Exeter Cathedral, 28 June 2008
For our Exeter Summer Festival concert this year, we continue to develop musical friendships with choirs from Exeter's twin cities in Germany and France. We welcome back to Exeter fellow choristers from Bad Homburg and Hanau and meet for the first time fellow choristers from Rennes. The four choirs join forces for Verdi's monumental Requiem, his operatic setting of the mass, which uses the huge chorus and mighty percussion section of the orchestra to thrilling effect.
Exeter Express and Echo
Source: David Marston (July 1 2008)
My heart sang to joined choir
A NIGHTMARE of logistics must have preceded this Exeter Summer Festival concert.
Not only were the massed voices of the Exeter Festival Chorus in action; they were joined by choirs from Exeter’s twin French and German cities of Rennes and Bad Homburg, as well as another from Hanau in Germany. That's around 200 voices.
Added to that was the full might of the Bournemouth Symphony Orchestra, along with four guest soloists.
No doubt about it: this was An Event, and no wonder tickets flew out of the box office. People had been badgering for returns for weeks, and tickets that were returned were snapped up at once.
Was it all worth it? Resoundingly, yes. All those long hours of preparations, logistical and musical, really paid dividends. This was a concert that wowed the audience and ended in a standing ovation.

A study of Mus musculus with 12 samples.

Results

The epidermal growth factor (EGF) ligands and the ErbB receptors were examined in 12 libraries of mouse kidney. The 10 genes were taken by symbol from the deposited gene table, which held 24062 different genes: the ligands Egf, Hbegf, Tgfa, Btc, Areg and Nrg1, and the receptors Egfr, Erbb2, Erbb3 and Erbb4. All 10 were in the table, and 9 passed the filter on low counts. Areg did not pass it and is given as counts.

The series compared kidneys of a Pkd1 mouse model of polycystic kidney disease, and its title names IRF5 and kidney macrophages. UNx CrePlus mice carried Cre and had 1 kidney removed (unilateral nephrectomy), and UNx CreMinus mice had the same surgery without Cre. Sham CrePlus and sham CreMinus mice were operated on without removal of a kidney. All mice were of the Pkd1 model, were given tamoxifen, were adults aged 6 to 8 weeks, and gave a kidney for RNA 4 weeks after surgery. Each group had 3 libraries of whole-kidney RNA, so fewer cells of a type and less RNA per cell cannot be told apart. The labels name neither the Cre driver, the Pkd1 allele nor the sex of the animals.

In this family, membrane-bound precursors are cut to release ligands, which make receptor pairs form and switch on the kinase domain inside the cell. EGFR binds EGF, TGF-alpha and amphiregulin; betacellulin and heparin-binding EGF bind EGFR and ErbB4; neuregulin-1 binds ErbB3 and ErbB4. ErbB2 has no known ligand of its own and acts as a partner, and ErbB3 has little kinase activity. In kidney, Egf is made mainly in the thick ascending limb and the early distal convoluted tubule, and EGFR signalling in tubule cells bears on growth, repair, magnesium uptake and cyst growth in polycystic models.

Although Verdi is better known for opera, his Requiem is a magisterial piece with drama, contrasts and wonderfully rich melodies. Despite the epic size of the choir, Saturday's performance offered moments of haunting gentleness and simplicity alongside the wall-of-sound impact.
The sheer grandeur of the Tuba mirum, launched by trumpets sounding out before being driven along by all voices at full,full volume will be hard to forget; while tile BSO's hugely hearty brass section were back in action for the joyful Sanctus.
Top-notch soloists Natalya Kreslina, Yvonne Fontane, Justin Lavender and Gerard O'Connor were a blessing and were marshalled along with everybody else by the ever-enthusiastic and perceptive conductor Nigel Perrin.
I would rather have heard this without the long interval, but that's a quibble.
What a marvellous event.
The logistical nightmare resulted in a dream concert.